The Common ostrich is not likely to be confused with any other bird in the southern African region. Weighing in at up to 130 kg and with a length of up to 2,7 m there is not another bird in the region that comes remotely close to matching it in size. Besides its size – it is the biggest living species of bird – its long legs and long neck make it a very distinctive bird. It also has enormous eyes, perhaps the biggest of any vertebrate anywhere!

The flightless Common ostrich is a member of the same large family as other flightless birds such as the kiwi and the emu. It is able to run faster than any other bird, with a top speed approaching 95 km per hour. The males are slightly larger than the females, and the sexes differ in plumage, with the males having predominantly black feathers, with some white on the wings and tail. The females are a drab grey. Both sexes have bare legs and necks. Bills are broad and flat.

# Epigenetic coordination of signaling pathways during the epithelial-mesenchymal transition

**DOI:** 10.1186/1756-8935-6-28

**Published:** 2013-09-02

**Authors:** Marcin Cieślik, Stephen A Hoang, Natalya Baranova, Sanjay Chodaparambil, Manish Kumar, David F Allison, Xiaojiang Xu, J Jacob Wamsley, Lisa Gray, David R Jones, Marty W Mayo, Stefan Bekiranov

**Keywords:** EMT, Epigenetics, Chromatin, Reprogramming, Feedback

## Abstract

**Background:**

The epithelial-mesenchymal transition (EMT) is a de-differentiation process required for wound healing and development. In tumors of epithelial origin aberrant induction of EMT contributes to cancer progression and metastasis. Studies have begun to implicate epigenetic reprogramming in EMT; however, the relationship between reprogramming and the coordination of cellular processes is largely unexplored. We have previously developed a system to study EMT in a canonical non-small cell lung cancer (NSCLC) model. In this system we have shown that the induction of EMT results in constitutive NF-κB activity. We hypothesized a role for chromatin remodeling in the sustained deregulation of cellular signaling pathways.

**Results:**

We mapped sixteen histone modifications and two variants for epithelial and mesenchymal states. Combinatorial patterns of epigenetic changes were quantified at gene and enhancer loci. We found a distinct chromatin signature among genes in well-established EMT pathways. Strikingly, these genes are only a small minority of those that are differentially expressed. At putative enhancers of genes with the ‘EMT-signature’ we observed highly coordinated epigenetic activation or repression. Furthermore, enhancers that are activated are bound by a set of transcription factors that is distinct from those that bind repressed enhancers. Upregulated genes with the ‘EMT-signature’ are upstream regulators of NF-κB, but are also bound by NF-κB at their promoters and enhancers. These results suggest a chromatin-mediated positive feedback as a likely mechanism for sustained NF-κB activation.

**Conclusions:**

The Common ostrich is one of the very few species of birds that is farmed on a large scale; for its feathers that are used in fashion and also for feather dusters, for its meat and for its skin which is used for a variety of leather goods. The feathers differ from those of most other birds in that they lack the tiny hooks that lock them together, and so the feathers of the Common ostrich are quite fluffy.

Although Common ostriches are generally fairly common, the wild population is quite small, and is limited to the arid regions of Namibia, Botswana and South Africa. They are quite nomadic, and form flocks of up to fifty or more birds as they move through the drier areas of southern Africa, feeding mainly on vegetable matter, but also on insects and other invertebrates, If threatened they will usually run away, but if cornered they can defend themselves very ably with powerful kicks.

Common ostriches are polygamous and make a nest that is just a scraped hollow in the ground. Several females may lay their eggs in the same nest, until the clutch reaches twenty or more eggs. The eggs are the largest eggs of any bird, and they hatch after an incubation period of approximately 40 days. They make good use of their dimorphic colouring as camouflage during incubation, with the grey females incubating the eggs during the day and the black males during the night.

The scientific binomial for the Common ostrich is Struthio camelus; Struthio from the Latin for an “ostrich”; and camelus from the Latin for “pertaining to a camel”. So “Struthio” makes sense, but I have no idea about “pertaining to a camel”!